Monday, February 10, 2014

Squatter convicted of stealing a house.

On January 24, 2014, the Maryland Court of Appeals decided Hobby v. State, upholding the conviction of a squatter who entered a bogus lease and occupied a vacant house for seven months while it was being foreclosed.

The case combines real property law concepts and criminal law, two areas of focus for the firm.  And it is a fascinating twist on the various schemes to take over vacant or foreclosed property. Only last month, two California lawyers and their clients were arrested for lying in court documents to manipulate adverse possession laws to acquire multiple homes. And last year, a Kansas lawyer was charged with death by legal document in order to acquire her father's property. And Maryland courts have convicted others for filing a forged deed. But the latest case reads like a novel.

Dr. Braithwaite moved out of her Kirk Drive property and offered it for sale while the bank started foreclosure proceedings. Meanwhile, several miles away, Mr. Hobby and his wife were losing their own home to foreclosure. 

Mr. Hobby used a realtor in an effort to sell his home before foreclosure, but it did not happen. Mr. Hobby and his wife then used that same realtor to make an offer to purchase the Kirk Drive property .  Dr. Braithwaite's bank rejected the offer.
Dr. Braithwaite's bank, Severn, completed foreclosure on the Kirk Drive property but learned that there was a couple claiming to have a lease living in the house.  The couple was Mr. and Mrs. Hobby.


Mr. Hobby (and not Mrs. Hobby) was indicted for theft, burglary and related crimes involving the taking of property and depriving the owner.  At trial, Mr. Hobby put on a defense that centered on a mysterious "Derek Williams" as the real culprit.  Mr. Hobby's defense described Mr. Williams as the one who brought a proposed lease to Mr. Hobby, already bearing Dr. Braithwaite's signature.  At lease signing, Mr. Williams accepted cash payment of $7,000, and every month he appeared at the Kirk Drive property to collect another $3,500.

It appears the jury did not believe "Derek Williams" existed, and Mr. Hobby was convicted. He did not have Daniel Webster to argue his case!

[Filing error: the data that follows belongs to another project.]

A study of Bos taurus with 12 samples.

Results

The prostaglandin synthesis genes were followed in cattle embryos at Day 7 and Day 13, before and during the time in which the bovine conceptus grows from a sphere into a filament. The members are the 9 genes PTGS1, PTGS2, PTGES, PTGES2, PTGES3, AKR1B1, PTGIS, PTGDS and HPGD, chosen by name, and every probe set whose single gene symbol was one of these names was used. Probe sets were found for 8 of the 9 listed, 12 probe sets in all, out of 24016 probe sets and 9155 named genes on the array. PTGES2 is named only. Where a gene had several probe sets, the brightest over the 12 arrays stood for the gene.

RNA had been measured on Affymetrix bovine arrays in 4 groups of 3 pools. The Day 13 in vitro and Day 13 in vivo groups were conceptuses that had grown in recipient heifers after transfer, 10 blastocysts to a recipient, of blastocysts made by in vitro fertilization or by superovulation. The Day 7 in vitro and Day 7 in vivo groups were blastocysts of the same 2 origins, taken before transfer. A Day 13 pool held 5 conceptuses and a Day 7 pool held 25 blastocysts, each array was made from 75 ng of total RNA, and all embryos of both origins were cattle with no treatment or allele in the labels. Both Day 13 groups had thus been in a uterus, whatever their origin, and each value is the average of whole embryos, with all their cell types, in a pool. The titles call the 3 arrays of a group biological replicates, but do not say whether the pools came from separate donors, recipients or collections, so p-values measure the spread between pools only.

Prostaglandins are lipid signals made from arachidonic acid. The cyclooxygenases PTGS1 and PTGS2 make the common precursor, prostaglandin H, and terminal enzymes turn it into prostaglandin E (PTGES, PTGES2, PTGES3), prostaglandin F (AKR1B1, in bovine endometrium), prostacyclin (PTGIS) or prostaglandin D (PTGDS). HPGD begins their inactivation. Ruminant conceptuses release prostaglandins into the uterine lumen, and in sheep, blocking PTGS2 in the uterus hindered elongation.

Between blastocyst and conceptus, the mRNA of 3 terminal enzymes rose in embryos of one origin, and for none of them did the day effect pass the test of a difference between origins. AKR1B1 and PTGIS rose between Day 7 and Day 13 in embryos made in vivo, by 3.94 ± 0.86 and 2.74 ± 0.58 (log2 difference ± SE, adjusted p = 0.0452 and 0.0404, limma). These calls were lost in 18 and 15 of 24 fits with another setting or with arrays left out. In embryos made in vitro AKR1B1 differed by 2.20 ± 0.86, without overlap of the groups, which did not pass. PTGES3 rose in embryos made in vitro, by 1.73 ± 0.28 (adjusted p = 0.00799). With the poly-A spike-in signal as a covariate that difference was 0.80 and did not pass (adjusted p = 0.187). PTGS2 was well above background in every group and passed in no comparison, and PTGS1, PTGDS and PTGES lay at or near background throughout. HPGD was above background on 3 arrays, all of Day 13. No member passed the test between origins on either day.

Mr. Hobby was sentenced to 10 years, with all but 59 days of the sentence suspended.  He was also assessed a $10,000 fine. He lost his intermediate appeal, and he lost again before Maryland's highest court which did send the case back down the ladder for new sentencing.

In simple terms, you can steal a house and be charged even if the true owner never knows of your actions.  And you can commit a burglary, even if you have the keys, and even if you never intend to bar the true owner from entering the house. When it comes to the value of your crime (to determine if the felony thresholds are met), Maryland looks to the fair market value of the house during the time of possession (the rental value).

The case is yet another alert for lawyers and real estate professionals to yet another manner of theft and deception in the purchase and sale of real estate. In this case, Mr. Hobby had the brass to forge Dr. Braithwaite's signature on a false lease, move in and live in plain sight of the neighbors!  

The theft was laid bare by Mr. Hobby's hubris.  When the bank delivered a letter announcing the foreclosure, Mr. Hobby and his wife protested and raised their tenancy in the house as a bar to the foreclosure or their eviction.  This protest lead the foreclosing bank to review the loan documents with Dr. Braithwaite to discover it had rights to receive any rent from the property after the foreclosure proceedings were started.  The bank even suspected a scheme involving Dr. Braithwaite's intent to deprive the bank of its money. What happened next could not have been anticipated by Mr. Hobby.

The bank contacted Dr. Braithwaite and demanded that she turn over the rent collected from Mr. and Mrs. Hobby.  Of course, Dr. Braithwaite knew nothing of the lease, and thus triggered the police investigation. 

Had Mr. and Mrs. Hobby quietly packed up their things and departed the house, they would have enjoyed six months of free housing (they did, at least, pay for their utilities). Perhaps they would have worked the same scheme elsewhere.

We are often accused of being overly suspicious when presented with descriptions of real estate deals gone bad.  It is our practice is to question everything, and everybody. Can you blame us?